In Julie Bertuccelli’s The Tree, the eponymous object, an enormous fig towering over the O’Neil family’s ramshackle house, is frequently filmed as if it were a holy entity, but whether or not it actually provides an animistic communion with the dead is a question the film doesn’t really answer. In the end, it probably doesn’t matter, so long as preteen Simone (Morgana Davies) and, to a lesser degree, her mother, Dawn (Charlotte Gainsbourg), believe in its mediumistic propensities to facilitate communication with their recently deceased father/husband. Still, no matter if we take them as objective or point-of-view shots, we’re still subjected to endless images of the tree’s branches filmed with a sacred clarity while the sun peaks through the leaves and the melancholy musical score spells out a sense of higher purpose.
Tarkovsky this is not—even if the film (nearly) ends with children watering a sapling—and, while there’s a fine line between the sacred and kitschy, Bertuccelli’s film nearly always falls on the latter half of the divide. It’s probably a question of insufficient visual imagination (witness a scene where the grief-stricken Dawn leaves her bed to follow a sunbeam into the—metaphorical and literal—light), but this is one film that’s overly reliant on a dubious central symbol, schematically employed. Even as the tree provides a refuge for Simone, and is representative of her inability to come to terms with her father’s death, it also provides a sinister side to the equation as its growing roots threaten not only to block the house’s plumbing, but to destroy the family’s home entirely.
Although constantly referencing the fig as a gauge of both Simone and Dawn’s degree of acceptance of their father’s/husband’s sudden death, The Tree is also a wider picture of a family in turmoil. The three other members of the O’Neil clan—Simone’s brothers—are inevitably granted short shrift, given the constraints of the film’s modest running time, and often distract from the more developed stories of mom and daughter. In these latter scenes, Dawn and Simone act out a convincing if hardly revelatory process of moving on from grief, as the former takes up with a new man, an act seen as betrayal by the latter, until Dawn is forced to choose between her new beau and her daughter—and, at the same time, between chopping down and keeping the tree.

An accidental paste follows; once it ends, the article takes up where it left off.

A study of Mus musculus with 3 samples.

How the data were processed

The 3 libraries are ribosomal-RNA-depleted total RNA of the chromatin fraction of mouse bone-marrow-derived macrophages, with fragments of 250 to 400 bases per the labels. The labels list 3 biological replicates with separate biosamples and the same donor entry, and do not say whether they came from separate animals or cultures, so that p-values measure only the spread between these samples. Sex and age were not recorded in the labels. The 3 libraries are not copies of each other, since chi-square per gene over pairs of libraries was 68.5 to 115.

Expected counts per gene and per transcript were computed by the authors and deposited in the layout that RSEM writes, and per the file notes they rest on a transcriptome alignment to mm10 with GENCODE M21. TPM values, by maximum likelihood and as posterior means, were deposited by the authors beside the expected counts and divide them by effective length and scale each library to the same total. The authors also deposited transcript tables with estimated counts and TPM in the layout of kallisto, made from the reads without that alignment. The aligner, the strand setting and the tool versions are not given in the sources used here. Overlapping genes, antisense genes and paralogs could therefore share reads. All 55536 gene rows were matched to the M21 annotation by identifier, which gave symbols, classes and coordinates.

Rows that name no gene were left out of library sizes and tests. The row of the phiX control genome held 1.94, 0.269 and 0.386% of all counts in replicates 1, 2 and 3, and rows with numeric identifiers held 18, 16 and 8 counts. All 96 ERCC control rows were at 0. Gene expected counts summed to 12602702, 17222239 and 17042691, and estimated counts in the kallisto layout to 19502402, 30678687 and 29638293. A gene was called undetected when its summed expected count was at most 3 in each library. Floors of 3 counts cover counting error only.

Ably lensed by Nigel Bluck on the flats of rural Australia, the cinematographer’s nimble work is too often placed in the service of Bertuccelli’s kitschiness, so that a purple sunset filmed over the oak is both striking as a standalone image and off-putting in the context of the proceeding “holy” shots of the tree. This disconnect between image and vision becomes increasingly problematic during the film’s overdetermined finale. As a cyclone rages across the outback (is nature, after all, animate?), the family takes cover in their cellar, all except for Simone who stubbornly clings to the tree and its talismanic keepsakes that she’s hung in its branches to remind her of her father. As the bolts flash, the DP’s skill at lighting a scene in the rain impresses, even as the storm serves as a cheap device to resolve Simone’s feelings about her father. In the end, it’s all according to the schema, a fact that the combined splendor of the Australian outback and Bluck’s cinematographic talents are powerless to hide.